Why Mint and Quicken Work Against Personal Financial Management

When I’m talking to people about budgeting, almost without fail, the topic of Mint or Quicken come up.  There are a lot of these “Budget Systems” popping up, so it’s becoming more of an issue.

Here is why most Budgeting Systems work against people who want to control their finances.

There is a story in the book “Smarter, Faster, Better” by Charles Duhigg about a school in Cincinnati that adopted all kinds of fancy … errr sophisticated data tools to track student performance.  But despite having more systems more and creating more data and charts, performance didn’t change.  They realized that teacher weren’t using the data.  So, they forced the teaches to “interact” with the data.  The teachers had to spend two afternoons each month manually transcribing the results of each student from the fancy data system onto little note cards for each student.  And as they continued to do that, the teachers started to use the notecards to prioritize certain students or subjects.  That, in turn, changed their behavior and who they focused on.  And soon enough their results started to rise.  Dramatically.

The lesson about the school is a great example of a sophisticated system having not impact until the users had to do some manual work.  They had to “rub up against the data” to start to learn it.  And only have a hard period of manual, time consuming work did they start to see a benefit.

So, here is why these Budgeting Systems don’t work…

1.) They make it too easy.  People want to control their finances, but don’t want to do the work.  They want the benefit, but don’t want to put in the effort.  And usually that’s a recipe for … you know.

Why is easy a bad thing?

The number one cause of financial issues is simply not paying attention.  When people look for a Budget System, they are trying to once again, not pay attention.  If people realized that the problem is not paying attention, they would realize that the solution is to find ways to force ourselves to pay attention.  Which is hard and people don’t like “hard”.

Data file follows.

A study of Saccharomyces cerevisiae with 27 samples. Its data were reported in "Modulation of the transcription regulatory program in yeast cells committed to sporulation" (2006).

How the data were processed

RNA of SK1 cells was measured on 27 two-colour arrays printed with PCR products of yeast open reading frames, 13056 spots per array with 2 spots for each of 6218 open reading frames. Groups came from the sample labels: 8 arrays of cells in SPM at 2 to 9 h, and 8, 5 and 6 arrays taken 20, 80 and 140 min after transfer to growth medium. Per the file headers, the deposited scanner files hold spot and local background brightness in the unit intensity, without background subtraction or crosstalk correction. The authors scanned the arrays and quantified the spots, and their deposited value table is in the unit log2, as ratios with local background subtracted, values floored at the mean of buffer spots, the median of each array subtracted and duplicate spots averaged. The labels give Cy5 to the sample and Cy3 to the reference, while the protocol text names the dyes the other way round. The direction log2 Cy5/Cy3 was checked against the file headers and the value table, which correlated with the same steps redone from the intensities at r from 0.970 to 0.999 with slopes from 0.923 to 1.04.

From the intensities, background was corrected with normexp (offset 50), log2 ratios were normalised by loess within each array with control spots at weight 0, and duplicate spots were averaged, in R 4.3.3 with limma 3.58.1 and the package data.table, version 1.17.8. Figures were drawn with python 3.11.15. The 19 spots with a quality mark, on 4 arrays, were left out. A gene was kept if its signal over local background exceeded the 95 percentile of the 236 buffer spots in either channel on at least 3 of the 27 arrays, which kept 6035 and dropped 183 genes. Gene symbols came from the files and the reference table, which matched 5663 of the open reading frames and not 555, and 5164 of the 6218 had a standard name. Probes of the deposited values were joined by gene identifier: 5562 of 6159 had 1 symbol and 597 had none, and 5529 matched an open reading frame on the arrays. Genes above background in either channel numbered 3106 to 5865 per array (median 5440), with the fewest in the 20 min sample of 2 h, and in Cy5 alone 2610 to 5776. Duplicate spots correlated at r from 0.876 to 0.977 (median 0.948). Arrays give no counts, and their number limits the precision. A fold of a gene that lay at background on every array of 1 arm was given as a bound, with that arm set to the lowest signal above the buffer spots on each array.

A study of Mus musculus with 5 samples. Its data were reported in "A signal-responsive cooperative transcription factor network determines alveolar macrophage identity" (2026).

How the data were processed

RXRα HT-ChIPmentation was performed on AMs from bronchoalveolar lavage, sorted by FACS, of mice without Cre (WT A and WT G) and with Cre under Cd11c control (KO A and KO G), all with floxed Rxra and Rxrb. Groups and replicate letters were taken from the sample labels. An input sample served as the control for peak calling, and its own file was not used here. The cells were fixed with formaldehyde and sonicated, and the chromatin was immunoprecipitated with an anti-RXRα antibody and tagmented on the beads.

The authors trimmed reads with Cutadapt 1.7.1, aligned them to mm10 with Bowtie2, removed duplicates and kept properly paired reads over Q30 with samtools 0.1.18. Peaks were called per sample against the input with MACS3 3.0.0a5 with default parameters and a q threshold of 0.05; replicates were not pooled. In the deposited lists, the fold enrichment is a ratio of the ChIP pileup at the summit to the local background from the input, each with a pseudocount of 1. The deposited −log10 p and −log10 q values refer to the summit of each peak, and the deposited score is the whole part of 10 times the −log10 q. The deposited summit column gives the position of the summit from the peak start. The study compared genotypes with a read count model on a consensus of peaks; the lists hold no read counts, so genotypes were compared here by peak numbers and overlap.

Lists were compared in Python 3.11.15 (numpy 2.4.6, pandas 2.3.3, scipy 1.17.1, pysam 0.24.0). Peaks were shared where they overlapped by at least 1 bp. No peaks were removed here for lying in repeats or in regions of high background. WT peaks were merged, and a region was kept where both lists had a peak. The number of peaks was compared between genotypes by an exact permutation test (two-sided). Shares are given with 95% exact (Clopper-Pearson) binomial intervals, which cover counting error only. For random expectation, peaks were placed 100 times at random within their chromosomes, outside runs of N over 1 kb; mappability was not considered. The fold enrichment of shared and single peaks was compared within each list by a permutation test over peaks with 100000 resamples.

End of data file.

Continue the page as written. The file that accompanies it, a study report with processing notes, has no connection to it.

2.) They don’t allow for real world budgeting.  For example, when we budget for groceries, we budget $450.  Some months it’s lower, but that means the following month it will probably be higher.  So, we need the excess from the low month to carry forward to the following month.  Budget both Mint.com and Quicken don’t allow for those carry forward balances.  That is a very real scenario that neither addresses in a good way, which tells me that they’re less interested in how they can help real world users and more interested in giving people the impression that they’re budgeting.

3.) They give people a false impression that they’re managing their finances because they provide nice graphs, ratios and automated tracking.  Having a fancy system that shows you were you spent your money, doesn’t really help control that spending AND even more importantly, help you set goals and plan for future spending.  That false impression is probably the most insidious because it prevents people from really doing what needs to be done to manage their finances.

4.) They stop users from progressing in their financial management.  Let’s just pretend that someone becomes a power user of one of those systems.  They buck the trend and actively manage their spending with those tools.  That usually means they have mastered the expense section of their income statement.  But that is only one of the 4 quadrants of financial statements.  So, AT MOST, someone can usually only master 25% of their financial picture if they get really good at those tools.  I know there are parts of the tools that will track loans and some parts of the balance sheet, but it’s pretty minimal

5.) Do they lead to long term wealth building?  How many stories have you heard about wealthy people becoming that way because they found a really awesome automatic budgeting tool?  I haven’t.  And I think it’s mostly because people who build wealth through good financial management do it by managing all parts of their finances.  And by setting goals, building plans to get to those goals and having the discipline to execute those plans over the long run.

Disclaimer:  Do I think that these tools are evil or completely bad?  No.  There might be a small subset of people who really use these tools to turn their finances around.  But for most users I think the points above apply.

YNAB disclaimer:  The YNAB budget system is the closest I’ve come to seeing a tool that was built to truly help people master their spending and build wealth.  I didn’t use it for more than a few months, but it does a lot of things right.